The caveman diet, known also as the Paleo diet, has multiple interpretations that all focus on eating as people did between 2.5 million and 10,000 years ago. All processed foods, modern agricultural items and feedlot animal products are shunned in favor of natural foods, such as fresh vegetables, fruits, grass-fed meat, wild-caught fish and raw nuts. Legumes, dairy and refined sugar are off-limits too, as they weren't part of the human diet until the agricultural revolution. While some view the diet as overly restrictive, others embrace it as a path to wellness. Decreasing your processed food intake in favor of whole natural foods is a favorable dietary shift that can bring about positive side effects, but doing so via the cavemen diet has drawbacks, too.
Video of the Day
Positive Side Effects
Decreasing your reliance on processed foods means less exposure to chemicals, toxins and anti-nutrients. A lot of processed foods are high in refined carbohydrates and sugars and lacking in naturally occurring vitamins and minerals. Eating too many processed foods contributes to weight gain and chronic disease. Switching to a caveman diet may help you lose weight and decrease disease-causing inflammation. A study published in the "European Journal of Clinical Nutrition" in August 2009 found that even when followed for just 10 days, a hunter-gatherer diet resulted in improvements in blood pressure, glucose tolerance and lipid profiles as well as positive changes in insulin secretion and sensitivity.
Because the caveman diet shuns all grains, beans, legumes and, in some versions of the diet, potatoes, you may find yourself taking in too few carbohydrates. You'll get carbohydrates from leafy green vegetables, starchy squash and fruits, but you still may not get enough to provide your body with the fuel it needs to thrive. A typical caveman diet provides just 23 percent of calories from carbohydrates, reports "U.S. News and World Report," compared to the minimum of 45 percent recommended by current dietary guidelines. Carbohydrates are your body's primary fuel source, and if your energy needs are high -- especially if you're an athlete or even a weekend warrior -- a paleo plan can leave you feeling depleted. Sluggishness is a possible side effect, and your body may also burn off some lean muscle mass for fuel.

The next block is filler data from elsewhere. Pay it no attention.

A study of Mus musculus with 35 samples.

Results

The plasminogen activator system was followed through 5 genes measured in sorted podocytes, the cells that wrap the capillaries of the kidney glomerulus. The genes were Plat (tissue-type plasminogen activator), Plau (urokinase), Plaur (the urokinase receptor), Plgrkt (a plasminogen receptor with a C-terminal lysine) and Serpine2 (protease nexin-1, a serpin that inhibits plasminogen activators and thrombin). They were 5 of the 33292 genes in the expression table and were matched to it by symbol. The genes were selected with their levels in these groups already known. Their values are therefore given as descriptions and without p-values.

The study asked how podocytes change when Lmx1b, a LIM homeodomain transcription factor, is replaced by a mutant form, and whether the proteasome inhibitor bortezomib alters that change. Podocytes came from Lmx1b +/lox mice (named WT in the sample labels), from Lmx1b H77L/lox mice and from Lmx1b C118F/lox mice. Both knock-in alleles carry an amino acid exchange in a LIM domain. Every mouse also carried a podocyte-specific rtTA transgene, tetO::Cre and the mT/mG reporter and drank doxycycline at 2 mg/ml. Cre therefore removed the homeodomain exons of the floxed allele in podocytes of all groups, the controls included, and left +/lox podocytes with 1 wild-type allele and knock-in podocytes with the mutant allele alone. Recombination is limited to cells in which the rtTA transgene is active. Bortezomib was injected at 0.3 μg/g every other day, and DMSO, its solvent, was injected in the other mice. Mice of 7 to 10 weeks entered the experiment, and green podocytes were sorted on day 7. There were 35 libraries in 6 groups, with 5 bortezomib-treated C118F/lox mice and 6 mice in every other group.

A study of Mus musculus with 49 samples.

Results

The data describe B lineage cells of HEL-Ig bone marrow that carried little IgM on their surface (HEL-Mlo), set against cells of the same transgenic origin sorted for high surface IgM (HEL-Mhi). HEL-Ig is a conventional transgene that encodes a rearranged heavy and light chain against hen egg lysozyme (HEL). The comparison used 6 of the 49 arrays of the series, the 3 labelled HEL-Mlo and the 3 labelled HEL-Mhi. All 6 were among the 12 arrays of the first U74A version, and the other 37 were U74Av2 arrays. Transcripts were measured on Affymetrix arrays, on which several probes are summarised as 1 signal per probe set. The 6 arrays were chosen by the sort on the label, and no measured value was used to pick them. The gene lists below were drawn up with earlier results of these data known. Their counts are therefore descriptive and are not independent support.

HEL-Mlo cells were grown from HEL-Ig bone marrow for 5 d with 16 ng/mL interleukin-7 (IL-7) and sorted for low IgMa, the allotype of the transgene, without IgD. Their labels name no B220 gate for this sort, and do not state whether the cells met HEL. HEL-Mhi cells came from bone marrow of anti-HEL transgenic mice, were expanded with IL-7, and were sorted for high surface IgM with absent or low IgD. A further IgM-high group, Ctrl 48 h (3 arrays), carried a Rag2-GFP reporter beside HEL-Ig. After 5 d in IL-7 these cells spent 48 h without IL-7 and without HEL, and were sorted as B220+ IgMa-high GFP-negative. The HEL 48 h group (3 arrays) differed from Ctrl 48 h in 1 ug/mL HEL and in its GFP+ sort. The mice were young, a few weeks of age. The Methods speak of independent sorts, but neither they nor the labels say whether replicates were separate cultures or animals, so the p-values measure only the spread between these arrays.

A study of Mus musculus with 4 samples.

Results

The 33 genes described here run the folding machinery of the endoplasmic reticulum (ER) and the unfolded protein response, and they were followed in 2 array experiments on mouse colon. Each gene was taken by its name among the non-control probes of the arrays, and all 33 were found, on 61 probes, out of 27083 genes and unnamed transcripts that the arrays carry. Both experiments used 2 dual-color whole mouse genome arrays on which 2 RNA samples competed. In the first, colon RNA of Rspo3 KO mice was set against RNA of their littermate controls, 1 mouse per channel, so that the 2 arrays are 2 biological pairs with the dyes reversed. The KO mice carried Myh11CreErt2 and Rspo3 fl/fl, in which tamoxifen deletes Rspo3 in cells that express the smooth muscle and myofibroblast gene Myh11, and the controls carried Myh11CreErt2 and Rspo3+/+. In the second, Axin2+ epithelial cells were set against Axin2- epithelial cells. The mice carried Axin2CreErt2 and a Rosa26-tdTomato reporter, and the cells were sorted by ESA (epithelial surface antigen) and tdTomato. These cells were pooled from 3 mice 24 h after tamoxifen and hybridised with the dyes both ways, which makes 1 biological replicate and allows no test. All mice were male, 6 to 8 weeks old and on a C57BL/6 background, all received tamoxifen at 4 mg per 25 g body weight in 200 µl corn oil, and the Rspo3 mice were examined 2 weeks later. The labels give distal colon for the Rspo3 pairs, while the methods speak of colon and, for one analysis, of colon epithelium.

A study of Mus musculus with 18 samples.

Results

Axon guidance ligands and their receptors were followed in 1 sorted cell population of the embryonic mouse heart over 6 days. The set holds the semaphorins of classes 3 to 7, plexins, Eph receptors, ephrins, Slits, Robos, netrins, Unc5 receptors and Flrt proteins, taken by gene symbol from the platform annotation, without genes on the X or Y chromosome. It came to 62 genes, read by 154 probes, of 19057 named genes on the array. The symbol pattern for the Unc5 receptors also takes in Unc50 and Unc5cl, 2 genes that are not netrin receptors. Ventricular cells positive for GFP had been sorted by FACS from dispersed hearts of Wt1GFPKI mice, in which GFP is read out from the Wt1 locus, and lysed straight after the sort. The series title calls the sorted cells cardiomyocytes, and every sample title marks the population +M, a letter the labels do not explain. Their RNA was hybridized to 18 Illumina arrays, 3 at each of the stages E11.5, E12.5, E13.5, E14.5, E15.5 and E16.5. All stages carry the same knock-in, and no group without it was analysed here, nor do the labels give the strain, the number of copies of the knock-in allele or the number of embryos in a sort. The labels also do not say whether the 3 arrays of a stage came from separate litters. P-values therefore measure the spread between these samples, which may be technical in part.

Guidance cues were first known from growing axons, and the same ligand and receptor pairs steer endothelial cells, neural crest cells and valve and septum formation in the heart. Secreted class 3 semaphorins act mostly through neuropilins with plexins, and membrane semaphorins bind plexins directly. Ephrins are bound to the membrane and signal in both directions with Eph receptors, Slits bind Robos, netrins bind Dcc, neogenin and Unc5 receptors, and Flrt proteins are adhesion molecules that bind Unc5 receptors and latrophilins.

Most versions of the caveman diet demonize foods generally recognized as healthy, including oatmeal, hummus and yogurt. Putting these foods into the same category as cake and chips makes little nutritional sense. Banning entire food groups from your diet can also deprive you of valuable nutrients. In the case of the caveman diet, this may mean you'll become deficient in calcium and vitamin D.
Strictly following a caveman diet can make it hard to eat at functions, family events and restaurants. You can't be sure these places provide caveman-diet-approved foods, such as only grass-fed meats and unrefined vegetable oils. Strict adherence to a caveman diet can make you obsessive about meals and cause you to feel guilty about eating foods, such as black beans or barley, that are viewed as healthy by most dietitians.
Cavemen had no choice but to choose natural foods and wild animals at mealtime. With the advent of highly processed foods, many dieters have to go out of their way and spend a lot of money to get the most natural ingredients. A diet based on grass-fed meat and wild-caught fish quickly results in an inflated food budget. Whole grains and beans are inexpensive, and nutritious, ways to fill out your diet but are off-limits on the caveman plan.